In Search of the Father: The Photography of Bruce Haley
Bruce Haley is an American photographer with interests that span a wide array of subjects. But he often returns to the one that, judging from his work, seems to have captivated his mind, spirit and conscience—the military and political conflicts around the world.
In 1994, Haley traveled to Nagorno-Karabagh during a cease-fire between Armenia and Azerbaijan. Haley’s photographs from the trip masterfully capture Karabagh’s desolate landscape—abandoned factories, dilapidated buildings, and run-down neighborhoods, the ravages of years of war and economic decline. But he has also captured the far less visible but equally desolate emotional landscape of its inhabitants.
Much of that emotional desolation centers on the Armenian soldiers fighting in Karabagh. Haley photographs them after a skirmish or between battles, sitting quietly in small, scattered groups, with no genuine leader among them. A telling contrast here is with traditional heroic painting, of, say, the battle of Avarayr. There, we might see the legendary Armenian general, Vartan Mamigonian, striking his familiar heroic pose, clenching his sword across his chest. Or we might see him leading his men to battle, as in the well-known commemorative statue that depicts him alone, allowing us to imagine his men falling in line behind him.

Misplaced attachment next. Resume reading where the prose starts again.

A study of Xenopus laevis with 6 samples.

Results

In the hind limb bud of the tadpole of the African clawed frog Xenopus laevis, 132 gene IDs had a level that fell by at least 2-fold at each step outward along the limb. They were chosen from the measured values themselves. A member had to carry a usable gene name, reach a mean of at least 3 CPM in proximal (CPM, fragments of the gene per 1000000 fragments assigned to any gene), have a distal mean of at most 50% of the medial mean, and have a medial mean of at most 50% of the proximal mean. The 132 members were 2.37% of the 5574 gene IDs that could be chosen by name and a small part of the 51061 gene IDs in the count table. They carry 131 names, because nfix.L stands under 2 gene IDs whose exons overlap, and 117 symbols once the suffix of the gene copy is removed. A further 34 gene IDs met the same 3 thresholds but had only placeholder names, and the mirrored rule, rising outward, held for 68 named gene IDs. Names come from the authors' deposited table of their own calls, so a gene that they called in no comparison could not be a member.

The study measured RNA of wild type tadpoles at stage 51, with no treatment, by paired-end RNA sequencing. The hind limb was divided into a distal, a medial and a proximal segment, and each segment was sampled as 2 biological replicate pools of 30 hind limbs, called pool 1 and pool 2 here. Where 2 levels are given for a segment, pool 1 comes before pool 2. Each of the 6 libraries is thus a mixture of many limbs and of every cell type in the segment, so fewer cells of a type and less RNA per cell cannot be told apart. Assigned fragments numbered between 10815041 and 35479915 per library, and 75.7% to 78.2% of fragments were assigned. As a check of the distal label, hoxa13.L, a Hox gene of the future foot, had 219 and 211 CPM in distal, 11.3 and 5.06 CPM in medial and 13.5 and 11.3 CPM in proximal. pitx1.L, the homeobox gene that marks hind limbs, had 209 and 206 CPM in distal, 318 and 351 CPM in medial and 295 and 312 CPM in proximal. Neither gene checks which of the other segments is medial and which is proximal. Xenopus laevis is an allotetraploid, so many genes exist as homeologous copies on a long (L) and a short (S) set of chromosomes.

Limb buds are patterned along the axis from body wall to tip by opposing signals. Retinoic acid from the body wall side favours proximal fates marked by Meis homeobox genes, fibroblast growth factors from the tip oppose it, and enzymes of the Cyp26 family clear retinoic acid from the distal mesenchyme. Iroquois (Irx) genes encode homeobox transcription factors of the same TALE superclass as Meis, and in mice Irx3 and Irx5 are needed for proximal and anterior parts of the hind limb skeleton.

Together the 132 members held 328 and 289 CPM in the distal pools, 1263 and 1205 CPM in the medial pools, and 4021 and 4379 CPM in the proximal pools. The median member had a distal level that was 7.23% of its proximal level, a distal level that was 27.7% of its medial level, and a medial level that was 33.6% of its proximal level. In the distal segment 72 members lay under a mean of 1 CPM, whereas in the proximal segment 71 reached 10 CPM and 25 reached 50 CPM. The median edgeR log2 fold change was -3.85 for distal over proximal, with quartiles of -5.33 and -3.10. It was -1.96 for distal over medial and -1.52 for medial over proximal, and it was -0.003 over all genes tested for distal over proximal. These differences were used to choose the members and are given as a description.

In Haley’s photographs, ironically, it is the soldiers who stand alone, and we imagine their leader perhaps somewhere nearby, more noticeable for his absence. Some of the images portray young soldiers wielding guns, like children who have found their father’s rifles and are now preparing to point them at the enemy. The absence of a patriarch is doubly apparent in this case, suggesting as it does the loss of a father on the battlefield as well as at home.
On the home front itself, we encounter further signs of domestic devastation—rebellious kids running wild, out-of-work young men wandering aimlessly in the mid-day sun. Scattered and confused, they have an unruliness about them akin to the waywardness of orphans.
Haley has said that, while in Karabagh, he noticed how much Armenians revered their writers, often displaying their photographs on their walls. It is this absence of a patriarch—of a father figure, if you will, be it a Vartan Mamigonian or a Barouyr Sevag—that Haley captures so effectively.
Haley’s photographs recast the Armenian immigrant experience as the loss of home as much as of homeland. In doing so, the images together suggest that, although the outer devastation they capture is clearly the result of warfare both physical and economic, symbolically, it belongs equally to the inner world of a newly emerging diaspora.
Bruce Haley has documented conflicts all over the world including Burma, Afghanistan, Northern Ireland, the former Yugoslavia, and Zaire. His images have appeared in Time, Life, U.S. News and World Report, and The London Sunday Times Magazine, among others. In 1992, he was nominated for a Pulitzer Prize for helping break the story of the famine in Somalia.
All Rights Reserved: Critics Forum, 2006
Adriana Tchalian holds a Masters degree in Art History and has managed several art galleries in Los Angeles.
Hovig Tchalian holds a PhD in English literature from UCLA. He has edited several journals and also published articles of his own.
You can reach them or any of the other contributors to Critics' Forum at email@example.com.